By: Beth Morrisey MLIS - Updated: 16 Oct 2010 | comments*Discuss
 

If you are considering cutting down on your day job to pick up some part time work, remember to set up your finances as you would if you were freelancing full time. Register as self-employed for tax purposes and set up a business bank account, but then try to sync your work with your day job. This should make it easier for your life to feel more integrated and your freelance work more ordered.

Registering As Self-Employed

Anyone who makes money from more than one source is responsible for reporting their total income. This means that part time freelancers should register as self-employed with HM Revenue & Customs, and this registration must be completed within three months or penalties may be applied. Each year self employed persons must complete a Self Assessment tax form detailing their earnings from all sources, though some deductions may be able to be made so keep track of all of your freelance business expenses.

Taxes and National Insurance contributions will be calculated based on your total earnings, so remember to set aside money for those from each freelance payment that you receive. Cash payments are fine for your freelance payments, but just remember that these payments must be reported as you would report any other form of payment. The Self Assessment form needs to be completed by all self employed persons each year, regardless of whether or not you think you made enough income to be taxed. Hiring an accountant to take care of all of your tax concerns is also an option.

Setting Up A Business Bank Account

In order to keep your finances neatly separated it is best to open a business bank account when you freelance part time. Your personal account will be where your paycheque is deposited by your employer after taxes are take out, so look at your personal account as money that you know your own.

Your business account, on the other hand, is the account from which you will need to deduct business expenses as well as tax payments and National Insurance contributions. This means that your business account may have money in it that is not yours for spending. When you do make enough profit to have some money "left over" after expenses, taxes and NI contributions consider paying yourself from your business account to your personal account so that you can enjoy your extra salary and watch your personal account grow with profits from both of your jobs.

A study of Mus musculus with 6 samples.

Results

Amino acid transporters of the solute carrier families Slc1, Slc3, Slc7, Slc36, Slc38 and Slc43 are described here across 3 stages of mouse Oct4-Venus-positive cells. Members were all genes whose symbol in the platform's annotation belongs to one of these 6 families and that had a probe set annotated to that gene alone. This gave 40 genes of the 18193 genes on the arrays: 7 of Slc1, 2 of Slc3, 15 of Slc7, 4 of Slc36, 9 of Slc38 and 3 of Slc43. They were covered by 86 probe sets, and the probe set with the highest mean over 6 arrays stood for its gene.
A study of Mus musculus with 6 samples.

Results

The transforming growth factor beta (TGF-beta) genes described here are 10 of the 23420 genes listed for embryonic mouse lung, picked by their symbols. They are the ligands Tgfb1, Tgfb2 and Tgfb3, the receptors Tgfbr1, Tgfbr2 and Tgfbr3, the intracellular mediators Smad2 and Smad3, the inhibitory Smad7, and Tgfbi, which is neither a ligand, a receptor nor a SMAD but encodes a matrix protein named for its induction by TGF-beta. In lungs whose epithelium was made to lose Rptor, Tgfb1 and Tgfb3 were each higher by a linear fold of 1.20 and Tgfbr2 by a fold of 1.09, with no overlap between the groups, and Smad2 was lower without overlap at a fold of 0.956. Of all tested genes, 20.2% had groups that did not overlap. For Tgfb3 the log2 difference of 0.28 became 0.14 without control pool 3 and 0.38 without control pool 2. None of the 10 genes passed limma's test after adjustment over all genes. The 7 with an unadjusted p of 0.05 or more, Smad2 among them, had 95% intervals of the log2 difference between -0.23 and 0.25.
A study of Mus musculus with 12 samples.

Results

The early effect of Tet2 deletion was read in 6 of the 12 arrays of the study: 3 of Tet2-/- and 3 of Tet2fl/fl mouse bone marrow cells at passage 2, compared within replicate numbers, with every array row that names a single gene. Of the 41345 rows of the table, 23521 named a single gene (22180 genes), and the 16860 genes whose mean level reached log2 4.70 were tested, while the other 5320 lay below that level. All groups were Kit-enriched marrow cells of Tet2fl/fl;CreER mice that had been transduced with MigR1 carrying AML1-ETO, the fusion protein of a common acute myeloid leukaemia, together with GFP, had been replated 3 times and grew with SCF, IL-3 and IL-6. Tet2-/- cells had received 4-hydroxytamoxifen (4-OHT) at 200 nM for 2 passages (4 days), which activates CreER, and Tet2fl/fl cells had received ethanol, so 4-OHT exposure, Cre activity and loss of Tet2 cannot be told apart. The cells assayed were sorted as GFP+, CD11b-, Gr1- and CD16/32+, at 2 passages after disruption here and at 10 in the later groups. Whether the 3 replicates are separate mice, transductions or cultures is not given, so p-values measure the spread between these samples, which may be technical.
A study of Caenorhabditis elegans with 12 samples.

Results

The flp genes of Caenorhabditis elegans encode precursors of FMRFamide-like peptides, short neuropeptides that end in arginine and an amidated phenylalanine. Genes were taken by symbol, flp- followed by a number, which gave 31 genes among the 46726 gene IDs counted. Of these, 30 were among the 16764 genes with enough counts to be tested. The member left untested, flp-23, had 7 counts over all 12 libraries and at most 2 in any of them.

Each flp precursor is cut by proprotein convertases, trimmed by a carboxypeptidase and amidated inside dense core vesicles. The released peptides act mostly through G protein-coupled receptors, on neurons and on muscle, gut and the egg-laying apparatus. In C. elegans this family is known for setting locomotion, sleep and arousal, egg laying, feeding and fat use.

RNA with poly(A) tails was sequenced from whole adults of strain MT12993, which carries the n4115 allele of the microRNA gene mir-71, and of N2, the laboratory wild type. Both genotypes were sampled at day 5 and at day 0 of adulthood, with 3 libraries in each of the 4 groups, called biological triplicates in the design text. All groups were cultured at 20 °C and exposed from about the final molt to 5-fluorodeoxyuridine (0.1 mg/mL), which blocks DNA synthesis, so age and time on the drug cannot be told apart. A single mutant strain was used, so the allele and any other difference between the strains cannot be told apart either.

Syncing Your Freelance Work With Your Day Job

While being your own boss means that you can make your own business decisions, many part time freelancers find it best to take their business lead from their day job. That is, when it is invoice day at the day job it is invoice day for their freelance work. When it is performance review day at the day job it is performance review day for their freelance work.

When a new marketing campaign is announced at the day job it is time to review marketing plans and budget for freelance work. Though it will mean giving up a little bit of control over business planning for part time freelance work, syncing freelance work with your day job will allow you to focus on one thing at both jobs which may ultimately be more important that having total planning control.

Part time freelancers have their own finance issues. Registering as self-employed, setting up a business bank account and syncing your freelance work with your day job all help part time freelancers to better handle their profits and financial obligations.